Grocery shoppers are gravitating towards more premium products, according to data from IRI.
Unlike the beginning of the pandemic, when consumers raced to stock up on household staples, shoppers are now turning toward specialty items including chocolate, such as Lindt and Ghirardelli, and gourmet pasta sauce brands including Rao’s Homemade and Michaels of Brooklyn. IRI found that consumers are also purchasing more higher-end coffees, cheeses, and frozen entrees instead of value/private-label brands.
Additionally, people are buying more premium wine, beer, and liquor, as well as more items to create restaurant-style meals at home. Brands driving premium acceleration in the alcohol category included premium and emerging hard seltzer and cocktail brands such as Truly, Vizzy, and High Noon.
Sales of premium and superpremium packaged goods grew by 1.7% at retailers year-over-year for the 26 weeks ended Oct. 4, according to the data. The trend has continued and is consistent across households of all income levels, according to Krishnakumar Davey, president of strategic analytics at IRI, reported CNBC (Nov. 12).
“People don’t have that many more avenues to spend, so they do have some money and they are feeding themselves well,” he said. He compared the trend to people treating themselves to little luxuries during a stressful time. Low-income households reported making small indulgent purchases at a similar rate as other households.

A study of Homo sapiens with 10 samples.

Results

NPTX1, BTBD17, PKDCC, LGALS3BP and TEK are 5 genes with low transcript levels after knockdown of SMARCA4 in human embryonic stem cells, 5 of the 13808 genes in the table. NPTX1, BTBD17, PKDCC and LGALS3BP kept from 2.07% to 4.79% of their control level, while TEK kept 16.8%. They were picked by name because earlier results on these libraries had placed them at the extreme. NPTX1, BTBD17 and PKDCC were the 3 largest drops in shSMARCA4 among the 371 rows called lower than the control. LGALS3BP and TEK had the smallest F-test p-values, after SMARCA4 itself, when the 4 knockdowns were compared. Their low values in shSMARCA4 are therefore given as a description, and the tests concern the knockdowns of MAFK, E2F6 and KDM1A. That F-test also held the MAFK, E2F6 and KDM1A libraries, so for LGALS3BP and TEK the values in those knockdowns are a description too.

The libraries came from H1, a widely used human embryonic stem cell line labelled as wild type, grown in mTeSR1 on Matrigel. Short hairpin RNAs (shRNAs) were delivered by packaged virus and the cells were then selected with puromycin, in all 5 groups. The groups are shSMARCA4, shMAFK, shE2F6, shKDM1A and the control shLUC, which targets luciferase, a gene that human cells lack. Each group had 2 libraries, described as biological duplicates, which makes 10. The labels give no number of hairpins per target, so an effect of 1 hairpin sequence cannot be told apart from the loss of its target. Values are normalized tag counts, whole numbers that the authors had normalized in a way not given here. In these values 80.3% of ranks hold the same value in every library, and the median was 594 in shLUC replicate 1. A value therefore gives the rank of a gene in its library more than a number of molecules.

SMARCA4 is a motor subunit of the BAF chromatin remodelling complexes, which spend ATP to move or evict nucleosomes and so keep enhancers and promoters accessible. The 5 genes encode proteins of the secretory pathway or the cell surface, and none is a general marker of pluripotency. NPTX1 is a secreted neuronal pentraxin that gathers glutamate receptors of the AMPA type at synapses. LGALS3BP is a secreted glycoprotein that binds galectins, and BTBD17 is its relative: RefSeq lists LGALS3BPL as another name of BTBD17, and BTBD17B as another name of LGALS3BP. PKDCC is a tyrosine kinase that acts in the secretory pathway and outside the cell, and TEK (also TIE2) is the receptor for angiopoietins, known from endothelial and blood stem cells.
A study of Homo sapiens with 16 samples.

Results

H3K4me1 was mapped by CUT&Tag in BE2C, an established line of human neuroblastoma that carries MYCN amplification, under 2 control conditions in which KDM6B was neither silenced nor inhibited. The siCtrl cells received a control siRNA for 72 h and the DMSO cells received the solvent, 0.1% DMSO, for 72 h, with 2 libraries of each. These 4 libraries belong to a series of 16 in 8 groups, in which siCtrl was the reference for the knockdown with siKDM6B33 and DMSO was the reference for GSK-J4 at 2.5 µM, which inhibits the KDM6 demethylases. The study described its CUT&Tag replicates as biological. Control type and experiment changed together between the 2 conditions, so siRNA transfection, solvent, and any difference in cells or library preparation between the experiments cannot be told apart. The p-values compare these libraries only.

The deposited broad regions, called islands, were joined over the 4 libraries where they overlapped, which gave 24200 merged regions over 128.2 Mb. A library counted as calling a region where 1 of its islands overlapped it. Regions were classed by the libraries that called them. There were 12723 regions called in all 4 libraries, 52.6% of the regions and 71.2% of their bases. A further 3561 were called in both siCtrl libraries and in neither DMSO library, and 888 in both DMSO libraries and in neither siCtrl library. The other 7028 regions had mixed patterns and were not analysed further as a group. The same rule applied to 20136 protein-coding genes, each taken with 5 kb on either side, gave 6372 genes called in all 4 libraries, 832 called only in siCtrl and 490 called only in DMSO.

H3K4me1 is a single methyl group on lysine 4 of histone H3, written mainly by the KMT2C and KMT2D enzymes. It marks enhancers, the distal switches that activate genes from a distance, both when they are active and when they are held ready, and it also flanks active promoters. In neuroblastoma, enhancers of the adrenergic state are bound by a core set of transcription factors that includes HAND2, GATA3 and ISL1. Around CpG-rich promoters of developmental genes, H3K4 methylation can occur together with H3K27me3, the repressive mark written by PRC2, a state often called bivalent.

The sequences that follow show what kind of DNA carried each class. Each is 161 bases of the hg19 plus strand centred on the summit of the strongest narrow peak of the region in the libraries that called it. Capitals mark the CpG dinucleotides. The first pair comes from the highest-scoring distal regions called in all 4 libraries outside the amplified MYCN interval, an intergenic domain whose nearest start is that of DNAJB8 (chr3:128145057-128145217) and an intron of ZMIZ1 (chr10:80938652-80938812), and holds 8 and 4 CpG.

To capture premium opportunity, many manufacturers have recently launched new premium products over the last six months. For example, Häagen-Dazs launched Häagen-Dazs Heaven, a light ice cream with fewer calories and no artificial flavors, while Starbucks introduced Starbucks Nitro—cold brew coffee consumers can purchase in a can that is infused with nitrogen bubbles.
The report notes that retailers should drive sales of such premium and super premium products—even in lower income trading areas. It recommends tailoring messaging for premium products and figuring out which attributes resonate with the most valuable shoppers.
Despite the shift, some grocers are bringing back purchase limits on items, reported The Wall Street Journal (Nov. 13). Retailers are now reporting a renewed demand for paper products and frozen foods, with some are reporting new shortages in staple cooking ingredients like butter and spices.
Kroger and Publix both reinstated limits on bath tissue and paper towels, while Kroger also brought back limits on hand soap and disinfectant wipes.
However, retailers have said that hoarding levels won’t come close to where they were in the spring, but they are still looking to lessons learned from the initial months of the pandemic and taking precautionary measures.
In particular, grocers expect cleaning wipes to remain scarce into 2021, and some anticipate a potential resurgence in sales of bleach. Sales of face masks and immunity-boosting products have also started to increase.